Most consumers associate meal kits with grocery store self-serve cases and subscription plans like Freshly and Blue Apron, but these DIY dinner options have real traction for restaurants—especially in times of reduced dine-in business.
Recent special research by Datassential revealed that meal kits are generally thought to be the safest way to get someone else’s food on the home table, compared with other solutions including takeout/drive-thru, grocery deli counters, and self-service food bars. In addition, many consumers cited an increased appreciation of cooking as a way to experiment with new ingredients and flavors, as a stress and boredom reliever, and as a way to spend quality time with families.
And that means meal kits have a lot to offer, both for consumers and for operators looking to replace or increase sales while building customer loyalty.
Packing up curated ingredients into a turnkey DIY kit makes sense for a lot of other reasons, too, including more productive use of inventory and prep time, maintaining relationships with suppliers, and the ability to keep staff on the payroll.
There are many options for what to offer, and these can easily stretch the boundaries of the existing menu concept. Individual components can be either pre-prepped, such as diced vegetables for a mirepoix, or they can be provided in whole form, such as whole carrots to be peeled, flavored with provided seasoning, and roasted.
One of the most effective strategies is to provide complete kits, along with recipes, for your most popular menu specialties, so that customers can enjoy your food in their home. Not only are they getting a great meal, you’ve just built customer loyalty, and given people a reason to visit you for a dine-in meal.
According to Datassential, many consumers are looking to build more comfort foods and indulgent/treat eating, as well as better-for-you options, into their home-cooked meal repertoire, and DIY meal kits are a perfect venue for that. Offering less familiar vegetables, premium-quality meats, unusual flavor profiles, and heirloom/ancient grains can help set meal kits apart. Vegan or vegetarian meal kits can remove the intimidation factor from this type of eating.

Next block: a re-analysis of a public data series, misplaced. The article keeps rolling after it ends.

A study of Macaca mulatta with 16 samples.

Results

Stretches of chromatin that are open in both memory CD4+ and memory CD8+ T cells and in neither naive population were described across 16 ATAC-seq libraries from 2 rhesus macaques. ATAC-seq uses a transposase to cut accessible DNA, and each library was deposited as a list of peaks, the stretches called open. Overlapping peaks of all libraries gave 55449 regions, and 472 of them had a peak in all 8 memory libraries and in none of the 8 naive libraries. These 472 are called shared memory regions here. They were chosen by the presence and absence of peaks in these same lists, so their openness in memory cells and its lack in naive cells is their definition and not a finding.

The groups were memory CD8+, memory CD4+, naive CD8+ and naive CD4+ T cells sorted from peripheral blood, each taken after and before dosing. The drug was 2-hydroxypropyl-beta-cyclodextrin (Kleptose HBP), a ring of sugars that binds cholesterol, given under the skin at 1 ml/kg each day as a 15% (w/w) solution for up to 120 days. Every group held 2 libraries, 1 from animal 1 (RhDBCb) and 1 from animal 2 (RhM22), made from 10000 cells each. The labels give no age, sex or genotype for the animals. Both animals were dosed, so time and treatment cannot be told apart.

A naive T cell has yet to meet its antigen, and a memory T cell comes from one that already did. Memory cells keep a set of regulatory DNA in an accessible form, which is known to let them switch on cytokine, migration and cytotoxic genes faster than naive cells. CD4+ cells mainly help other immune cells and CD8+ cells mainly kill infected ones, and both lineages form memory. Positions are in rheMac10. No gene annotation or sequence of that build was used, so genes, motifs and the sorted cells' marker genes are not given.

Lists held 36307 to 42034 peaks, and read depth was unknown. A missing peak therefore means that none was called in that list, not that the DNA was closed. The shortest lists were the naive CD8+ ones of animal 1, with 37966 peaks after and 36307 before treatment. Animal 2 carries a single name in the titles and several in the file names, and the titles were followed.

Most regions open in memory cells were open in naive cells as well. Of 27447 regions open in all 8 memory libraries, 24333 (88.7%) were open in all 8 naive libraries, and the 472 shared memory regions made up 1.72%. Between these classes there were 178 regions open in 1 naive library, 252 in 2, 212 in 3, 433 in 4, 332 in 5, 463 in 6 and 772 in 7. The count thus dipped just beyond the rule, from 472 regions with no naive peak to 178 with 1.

- Take-and-bake comfort foods like lasagna, mac-and-cheese, and ready-to-roast chicken
- Build-your-own pizza, tacos, stir-fry, and burger kits
- Ready-to-grill steakhouse-style meats (trimmed, marinated, and seasoned) along with appropriate side dishes, such as foil-wrapped baked potatoes and prepared creamed spinach
- Themed “adventure meals,” with all the fixings (plus detailed instructions) for items like Thai curries, Indian dosa, Greek stuffed vegetables, and other global favorites
- Curated boxes of prepped ingredients that can work for multiple meals or planned leftovers, allowing customers to stock up
- Farmers baskets of locally grown vegetables, meats, and artisanal cheeses—helping out small suppliers in the process
- Smoothie and juice kits
- Cocktail care packages
- Take-and-bake desserts, such as bread pudding, cobbler, and pies
- Decorate-your-own cakes or cupcakes
- Mix-and-match options where customers can select their own proteins and sides, plus additional choice of appetizer, salad, and/or dessert
Meal kits provide an excellent opportunity to help customers learn about new flavors, ingredients, and cooking styles that they wouldn’t attempt on their own. Some operators are even providing how-to videos on their websites to demonstrate cooking techniques for more elaborate “project meals,” such as barbecue or global specialties, to provide backup for meal kits.
That’s good for building customer loyalty and engagement, as well as sales.
Source: Datassential COVID-19 special report series (April 2020)
The information provided is based on a general industry overview, and is not specific to your business operation. Each business is unique and decisions related to your business should be made after consultation with appropriate experts.